The Richard Carrier Fallacy
NormaJean: I agree that I have been away from a lot of these discussions. I don't know if I could call it "getting off scot-free." Sometimes if you aren't in a debate which goes on for awhile it's a little difficult to pick up the thread deep in the discussion.
But I think the discussion didn't exactly go in the direction that I would have taken it. The following is a discussion from Doctor Logic's first reply, to which I want to push him a little.
Suppose I consider the proposition "My dog is on the porch."How do I know what this proposition is about? If I see the neighbor's cat on the porch instead of my dog, how do I know that the proposition is false? And how can I assert the proposition in advance of actually making the observation?There's a simple and elegant (and natural) solution. Intentionality is about my own cognitive abilities, and my cognitive abilities are in a physical brain that does exist as the thought is processed. A proposition has meaning in light of me knowing (approximately) what experiences would increase or decrease my confidence in the truth of that proposition. That is, the proposition isn't a physical reference to actual dogs and porches (which may not exist), but is about my presently-existing faculties for recognizing dogs on porches if those things existed. Rocks and CD-ROMs lack intentionality because they lack thought and recognition. Deep Blue lacks intentionality because Deep Blue does not formulate propositions about its abilities to recognize states of affairs. It just recognizes them. For example, Deep Blue does not ponder the proposition that it will lose the game (in some abstract way), even though it is capable of recognizing a great many specific ways of losing a match. Deep Blue's intelligence is fish-like or insect-like. It does not have ability to recognize its own mental states.So the argument that we cannot see how one lump of matter could be about another just doesn't hold up under scrutiny. If the first lump has recognition and expectation, and the ability to recurse those abilities on its own faculties, then that lump can have intentional thought.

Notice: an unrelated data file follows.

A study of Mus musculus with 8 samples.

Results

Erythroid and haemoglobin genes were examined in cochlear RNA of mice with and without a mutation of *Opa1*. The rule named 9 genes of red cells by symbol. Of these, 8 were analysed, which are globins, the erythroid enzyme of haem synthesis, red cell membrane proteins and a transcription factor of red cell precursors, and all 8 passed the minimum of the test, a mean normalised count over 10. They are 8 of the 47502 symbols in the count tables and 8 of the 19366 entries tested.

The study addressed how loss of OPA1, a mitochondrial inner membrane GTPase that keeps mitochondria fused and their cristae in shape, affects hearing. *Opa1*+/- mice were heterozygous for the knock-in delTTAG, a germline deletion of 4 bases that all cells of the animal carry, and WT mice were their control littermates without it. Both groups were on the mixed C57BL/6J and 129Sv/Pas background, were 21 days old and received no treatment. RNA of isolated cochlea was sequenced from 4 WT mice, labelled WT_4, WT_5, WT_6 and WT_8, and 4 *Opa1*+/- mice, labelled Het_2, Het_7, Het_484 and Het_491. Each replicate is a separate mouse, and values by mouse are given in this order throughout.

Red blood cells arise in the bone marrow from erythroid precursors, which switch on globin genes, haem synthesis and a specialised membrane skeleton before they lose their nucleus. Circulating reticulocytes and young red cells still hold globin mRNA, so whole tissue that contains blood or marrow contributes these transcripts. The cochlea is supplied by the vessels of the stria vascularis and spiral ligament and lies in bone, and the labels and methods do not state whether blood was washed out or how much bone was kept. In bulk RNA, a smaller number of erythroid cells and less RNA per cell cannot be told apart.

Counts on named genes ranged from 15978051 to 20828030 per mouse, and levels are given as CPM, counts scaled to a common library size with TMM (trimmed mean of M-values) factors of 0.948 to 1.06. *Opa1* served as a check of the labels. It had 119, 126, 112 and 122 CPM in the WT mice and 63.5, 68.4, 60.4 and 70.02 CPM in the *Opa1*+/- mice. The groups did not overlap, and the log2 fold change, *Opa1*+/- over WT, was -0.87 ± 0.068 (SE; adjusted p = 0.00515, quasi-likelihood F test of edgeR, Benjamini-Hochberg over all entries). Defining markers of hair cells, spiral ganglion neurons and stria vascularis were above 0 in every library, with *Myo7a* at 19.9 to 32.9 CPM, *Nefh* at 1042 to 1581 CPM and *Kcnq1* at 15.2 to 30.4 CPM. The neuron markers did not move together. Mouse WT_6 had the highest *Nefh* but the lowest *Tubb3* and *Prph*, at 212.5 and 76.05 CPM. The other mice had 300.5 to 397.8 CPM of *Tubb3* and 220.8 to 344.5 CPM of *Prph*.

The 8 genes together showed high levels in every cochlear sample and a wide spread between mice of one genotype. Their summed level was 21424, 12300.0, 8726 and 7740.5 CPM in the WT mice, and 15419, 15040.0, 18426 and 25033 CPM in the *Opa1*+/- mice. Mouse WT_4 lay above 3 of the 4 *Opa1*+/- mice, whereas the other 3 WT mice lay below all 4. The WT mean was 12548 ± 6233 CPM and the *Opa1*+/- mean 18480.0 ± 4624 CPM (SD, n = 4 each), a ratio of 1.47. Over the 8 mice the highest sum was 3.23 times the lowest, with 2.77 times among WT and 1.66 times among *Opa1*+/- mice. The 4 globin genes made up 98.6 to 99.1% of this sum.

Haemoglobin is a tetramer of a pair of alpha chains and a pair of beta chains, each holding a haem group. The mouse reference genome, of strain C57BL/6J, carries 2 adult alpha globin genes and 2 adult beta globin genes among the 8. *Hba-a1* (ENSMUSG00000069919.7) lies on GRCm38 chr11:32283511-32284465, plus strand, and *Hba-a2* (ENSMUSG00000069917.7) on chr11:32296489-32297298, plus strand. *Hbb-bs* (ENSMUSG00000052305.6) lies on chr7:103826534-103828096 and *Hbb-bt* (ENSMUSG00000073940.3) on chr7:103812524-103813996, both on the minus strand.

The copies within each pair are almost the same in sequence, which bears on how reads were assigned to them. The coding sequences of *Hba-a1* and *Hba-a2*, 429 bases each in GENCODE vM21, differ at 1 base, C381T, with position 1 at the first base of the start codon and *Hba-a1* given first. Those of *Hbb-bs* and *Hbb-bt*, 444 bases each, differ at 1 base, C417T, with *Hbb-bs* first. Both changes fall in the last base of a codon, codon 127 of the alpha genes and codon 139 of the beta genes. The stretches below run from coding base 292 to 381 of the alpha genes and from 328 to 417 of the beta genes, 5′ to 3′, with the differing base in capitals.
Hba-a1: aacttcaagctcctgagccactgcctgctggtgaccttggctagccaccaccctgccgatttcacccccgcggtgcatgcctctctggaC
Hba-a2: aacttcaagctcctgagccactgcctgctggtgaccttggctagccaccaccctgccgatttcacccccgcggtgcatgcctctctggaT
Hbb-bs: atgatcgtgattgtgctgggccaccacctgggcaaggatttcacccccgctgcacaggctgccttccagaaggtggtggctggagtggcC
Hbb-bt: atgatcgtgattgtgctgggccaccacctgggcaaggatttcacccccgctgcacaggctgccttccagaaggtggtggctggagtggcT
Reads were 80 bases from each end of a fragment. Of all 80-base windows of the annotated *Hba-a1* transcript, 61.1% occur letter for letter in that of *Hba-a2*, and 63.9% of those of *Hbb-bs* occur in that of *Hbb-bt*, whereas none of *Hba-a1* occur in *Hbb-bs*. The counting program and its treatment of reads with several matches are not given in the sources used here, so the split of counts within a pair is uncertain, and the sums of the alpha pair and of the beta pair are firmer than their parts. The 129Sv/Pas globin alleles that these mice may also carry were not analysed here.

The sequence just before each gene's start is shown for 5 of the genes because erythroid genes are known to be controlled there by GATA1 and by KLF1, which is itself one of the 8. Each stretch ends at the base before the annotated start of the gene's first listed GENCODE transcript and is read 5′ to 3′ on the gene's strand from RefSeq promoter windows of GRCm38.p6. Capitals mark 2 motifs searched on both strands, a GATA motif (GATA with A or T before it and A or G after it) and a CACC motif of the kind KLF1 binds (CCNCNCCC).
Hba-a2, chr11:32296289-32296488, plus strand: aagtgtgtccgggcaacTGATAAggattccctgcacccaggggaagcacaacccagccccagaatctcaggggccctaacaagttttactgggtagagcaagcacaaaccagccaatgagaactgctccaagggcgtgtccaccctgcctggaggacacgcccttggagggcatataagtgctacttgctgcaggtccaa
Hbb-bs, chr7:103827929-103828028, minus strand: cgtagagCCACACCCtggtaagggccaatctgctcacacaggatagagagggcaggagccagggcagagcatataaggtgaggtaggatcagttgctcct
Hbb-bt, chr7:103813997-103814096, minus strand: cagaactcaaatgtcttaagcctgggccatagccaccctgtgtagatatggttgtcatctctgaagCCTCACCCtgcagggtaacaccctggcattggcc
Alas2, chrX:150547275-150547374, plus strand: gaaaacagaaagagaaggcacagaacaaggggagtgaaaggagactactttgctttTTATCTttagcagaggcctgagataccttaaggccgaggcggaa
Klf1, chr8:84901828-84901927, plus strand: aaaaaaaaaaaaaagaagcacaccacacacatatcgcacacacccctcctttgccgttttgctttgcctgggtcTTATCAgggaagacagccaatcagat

What I am failing to see here is that this is an account of intentionality in non-intentional terms. Intentionality is "about my cognitive abilities," you say. If these cognitive abilities presuppose intentionality, then we are shuffling intentional concepts around and calling it an explanation of intentionality. OK, you mention the brain, but that doesn't make it a physicalist explanation. Meaning no disrespect to you or Richard, I would have to call this the Richard Carrier Fallacy. (OK, I'm asking for someone to come up with a Victor Reppert fallacy. I know that.)
DL: A proposition has meaning in light of me knowing (approximately) what experiences would increase or decrease my confidence in the truth of that proposition.
This seems to me just backwards. Meaning is determined by what experiences would increase or decrease confidence in the truth of the proposition?? You have to know what the proposition means before you can figure out what experiences would make it more or less likely to be true.
Further, it is naturalists like BDK who insist most firmly that the presence of intentionality. doesn't require the entertaining of propositions. Indeed, nothing can entertain propositions unless it possesses intentionality to begin with. Deep Blue doesn't recognize it's own mental states, it doesn't ponder propositions, but these capacity are exactly what you are trying to offer a non-intentional explanation.
Here's the problem I am getting at with the numbered premise argument. Add up all the physical, non-intentional states you want, don't help yourself to any states that are intentional, and see if it is possible that these non-intentional states can entail some intentional state or propositional attitude. It looks to me that whatever physical information you give me, I can deny the existence of any propositional attitude, or affirm the existence of alternative propositional attitude, without contradicting myself. Hence, if there is a truth about what the propositional attitude, the explanation of it in terms of a physical, non-intentional substrate is incomplete.
Again, you introduce terms like recognition and expectation. If those terms mean "recognizing that p" or "expecting that p", then you aren't explaining the propositional state, you are slipping the propositional state in through the back door and calling it an explanation. Otherwise, what do you mean by "recognition" and "expectation?"